Weighted Yet Free: Marlee McMahon’s Heavy Kite

Francis McWhannell on Marlee McMahon's latest series of artworks, currently on view at Visions.

Date 4 August 2021 Text Francis McWhannell Photography Sam Hartnett

Marlee McMahon, Heavy Kite. Installation view, Visions, August 2021.

A heavy kite is a complex construction.

There is a warmth and softness to Marlee McMahon’s Heavy Kite, a consequence of materials and methods as much as colour. The artist speaks of wanting to shift her practice, not radically (the graphic strength associated with earlier works persists), but meaningfully. She has utilised more curves, opted for oil paint over acrylic, and moved away from masking tape, which limits her ability to consider a work as a whole and can encourage retreat into familiar compositional strategies. She speaks of wanting to ‘reground painting’, to create opportunities for greater experimentation and spontaneity. Forms in one of the first works made for the show, Paper Slide, derive from a paper collage. McMahon moved the structure about the canvas, feeling for pictorial rightness. The resulting painting captures something of the delicacy of paper. There is a sense, too, that the elements remain unfixed. One almost wants to reach out and push them around.

A heavy kite takes time to ascend.

Other works took cues from a series of small oil paintings—themselves exercises in improvisation—produced by McMahon during a lockdown earlier this year. A motif from such a study appears in Slots. Picked out in red, it has been used as a sort of tile; copies frame and seem to overlap the dark central rectangle. McMahon’s process is deliberate, her compositions the result of both intuition and calculation. She outlines and adjusts. Quick decisions are refined, enough to stabilise, not enough to stultify. Edges are demarcated with a fine brush. Planes of colour are carefully developed. Days of drying time are allowed, so that the hand-hewn forms will be maximally clean and consistent. Some are ultimately painted out. Their contours remain visible through the upper layers, like pentimenti ghosting pictures by ‘old masters’, like veins swelling beneath skin.

A heavy kite dances among the clouds.

McMahon speaks of wishing to create work that is weighted yet free. Her paintings are often imbued with a sense of movement. Forms appear to slip and slide over one another, an effect intensified by passages that suggest perforation or transparency. At times, the action implied is subtle or gradual. In Look Up, for instance, the left-hand portion gently expands, compressing its near-twin on the right. Some works are more dynamic, even tending in the direction of op art. Slivers of yellow and green in Piano seem to explode and rotate like spokes. Faulty Zip is marked by thrusting and spreading forms, akin to beams of light split by a prism. There is a cinematic quality to several of the paintings, the elements evoking transitions between scenes or experimental animations by the likes of Oskar Fischinger.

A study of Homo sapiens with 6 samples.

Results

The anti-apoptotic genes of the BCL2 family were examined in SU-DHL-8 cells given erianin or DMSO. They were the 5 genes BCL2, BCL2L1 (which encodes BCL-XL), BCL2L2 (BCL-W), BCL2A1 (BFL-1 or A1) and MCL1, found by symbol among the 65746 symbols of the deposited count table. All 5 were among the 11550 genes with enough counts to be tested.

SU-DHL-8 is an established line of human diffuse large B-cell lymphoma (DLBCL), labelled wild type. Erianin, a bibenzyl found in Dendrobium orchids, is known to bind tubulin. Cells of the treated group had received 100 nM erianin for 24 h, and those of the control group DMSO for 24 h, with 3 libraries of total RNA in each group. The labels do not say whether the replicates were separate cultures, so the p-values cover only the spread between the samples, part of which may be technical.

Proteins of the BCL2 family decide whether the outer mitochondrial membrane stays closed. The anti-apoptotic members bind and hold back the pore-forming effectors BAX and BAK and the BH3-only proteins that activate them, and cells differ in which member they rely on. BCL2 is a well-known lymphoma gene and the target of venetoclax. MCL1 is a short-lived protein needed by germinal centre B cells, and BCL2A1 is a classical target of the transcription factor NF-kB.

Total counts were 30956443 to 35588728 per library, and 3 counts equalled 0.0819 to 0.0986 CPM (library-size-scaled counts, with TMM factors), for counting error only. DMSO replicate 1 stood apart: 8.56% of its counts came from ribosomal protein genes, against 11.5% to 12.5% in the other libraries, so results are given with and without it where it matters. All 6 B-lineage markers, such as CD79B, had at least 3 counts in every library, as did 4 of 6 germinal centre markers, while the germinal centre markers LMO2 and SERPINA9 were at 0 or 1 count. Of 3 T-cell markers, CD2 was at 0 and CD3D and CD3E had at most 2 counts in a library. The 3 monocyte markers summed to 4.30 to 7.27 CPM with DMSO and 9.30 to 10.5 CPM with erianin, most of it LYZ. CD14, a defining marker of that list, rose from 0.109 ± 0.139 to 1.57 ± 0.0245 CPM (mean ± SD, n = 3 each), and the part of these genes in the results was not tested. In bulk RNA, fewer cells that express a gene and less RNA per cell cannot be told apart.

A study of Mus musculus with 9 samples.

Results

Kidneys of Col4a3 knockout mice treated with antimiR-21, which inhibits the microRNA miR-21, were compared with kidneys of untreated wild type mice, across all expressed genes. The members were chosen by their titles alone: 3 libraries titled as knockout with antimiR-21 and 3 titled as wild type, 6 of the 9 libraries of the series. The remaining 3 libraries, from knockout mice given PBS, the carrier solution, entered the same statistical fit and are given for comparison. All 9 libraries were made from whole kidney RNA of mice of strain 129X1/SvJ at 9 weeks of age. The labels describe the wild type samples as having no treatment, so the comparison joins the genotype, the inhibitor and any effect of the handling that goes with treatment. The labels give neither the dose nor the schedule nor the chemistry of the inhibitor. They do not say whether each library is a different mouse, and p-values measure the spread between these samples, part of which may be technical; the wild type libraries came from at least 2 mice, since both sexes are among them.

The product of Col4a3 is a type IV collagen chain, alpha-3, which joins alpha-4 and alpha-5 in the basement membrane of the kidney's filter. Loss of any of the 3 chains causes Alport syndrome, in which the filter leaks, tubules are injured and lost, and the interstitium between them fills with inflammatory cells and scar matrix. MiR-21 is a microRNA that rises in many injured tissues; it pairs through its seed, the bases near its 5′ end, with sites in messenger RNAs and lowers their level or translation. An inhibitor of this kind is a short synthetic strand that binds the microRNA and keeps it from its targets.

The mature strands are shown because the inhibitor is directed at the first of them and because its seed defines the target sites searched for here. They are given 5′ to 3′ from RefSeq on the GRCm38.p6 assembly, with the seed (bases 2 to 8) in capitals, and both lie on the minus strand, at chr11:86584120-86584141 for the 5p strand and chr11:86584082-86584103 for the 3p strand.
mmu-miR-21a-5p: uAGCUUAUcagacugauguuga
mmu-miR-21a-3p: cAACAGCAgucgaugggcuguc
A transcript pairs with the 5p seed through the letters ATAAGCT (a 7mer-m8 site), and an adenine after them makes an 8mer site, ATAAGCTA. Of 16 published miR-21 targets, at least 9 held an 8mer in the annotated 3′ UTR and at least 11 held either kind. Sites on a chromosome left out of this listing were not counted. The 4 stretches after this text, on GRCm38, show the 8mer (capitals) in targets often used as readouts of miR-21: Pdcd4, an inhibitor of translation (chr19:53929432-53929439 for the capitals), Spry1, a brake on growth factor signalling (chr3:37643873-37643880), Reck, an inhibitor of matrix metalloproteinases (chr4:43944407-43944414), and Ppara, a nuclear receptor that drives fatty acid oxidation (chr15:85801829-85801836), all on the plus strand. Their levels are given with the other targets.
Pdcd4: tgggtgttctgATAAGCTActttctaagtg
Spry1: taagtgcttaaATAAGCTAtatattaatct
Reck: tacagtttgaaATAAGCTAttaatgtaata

A heavy kite whistles in the wind.

The emphasis on flat geometric shapes in Heavy Kite inevitably call to mind mid-century hard-edge painting. There are also connections with earlier aesthetic movements—such as constructivism, futurism, and suprematism—in terms of both paint-handling and style. A number of works possess a distinct musicality, particularly Glass House and Score, which include elements suggestive of portions of instruments or musical notes. McMahon points to a parallel with posters used to advertise performances of jazz music. In the past, she has actively embraced the form of the poster, creating works featuring blocks that might be given over to text. With the exception of Slots, the works in Heavy Kite include no such space. The pictures are quite consumed by the bold abstract forms; words would struggle to be noticed.

A heavy kite can lift you up.

Although no text appears in Heavy Kite, paintings like Neck Dip and Score include forms reminiscent of fragments or stylised versions of letters. There is a sense that McMahon’s works are tied to some sort of sign system, pictorial if not verbal. Faulty Zip and Stop Over share points of similarity with flags or elements of the same. Ultimately, however, no message is retrievable. McMahon’s images are not in reality linguistic. Nor are they underpinned by a discoverable logic. No neat set of rules explains their colours, their forms, or the ways these come together. And yet, because the family resemblance between paintings is so strong, it is difficult to shake the sense that a unifying explanation could be found, if only one could spend enough time puzzling. The works captivate, and the longer one looks, the more complex they become. The kite pulls harder on the tether, testing one’s ability to stay planted to the ground.

Marlee McMahon, Piano, 2021, oil on canvas, 756 x 660 mm.

Marlee McMahon, Slots, 2021, oil on canvas, 756 x 660 mm.

Marlee McMahon, Score, 2021, oil on canvas, 765 x 660 mm.

Marlee McMahon, Stop Over, 2021, oil on canvas, 756 x 660 mm.

Marlee McMahon, Paper Slide (detail), 2021, oil on canvas, 725 x 640 mm.

Marlee McMahon, Look Up, 2021, oil on canvas, 660 x 765 mm.

Marlee McMahon, Faulty Zip (detail), 2021, oil on canvas, 756 x 660 mm.

Marlee McMahon, Faulty Zip, 2021, oil on canvas, 756 x 660 mm.

Marlee McMahon, Glass House, 2021, oil on canvas, 756 x 660 mm.

Marlee McMahon, Heavy Kite. Installation view, Visions, August 2021.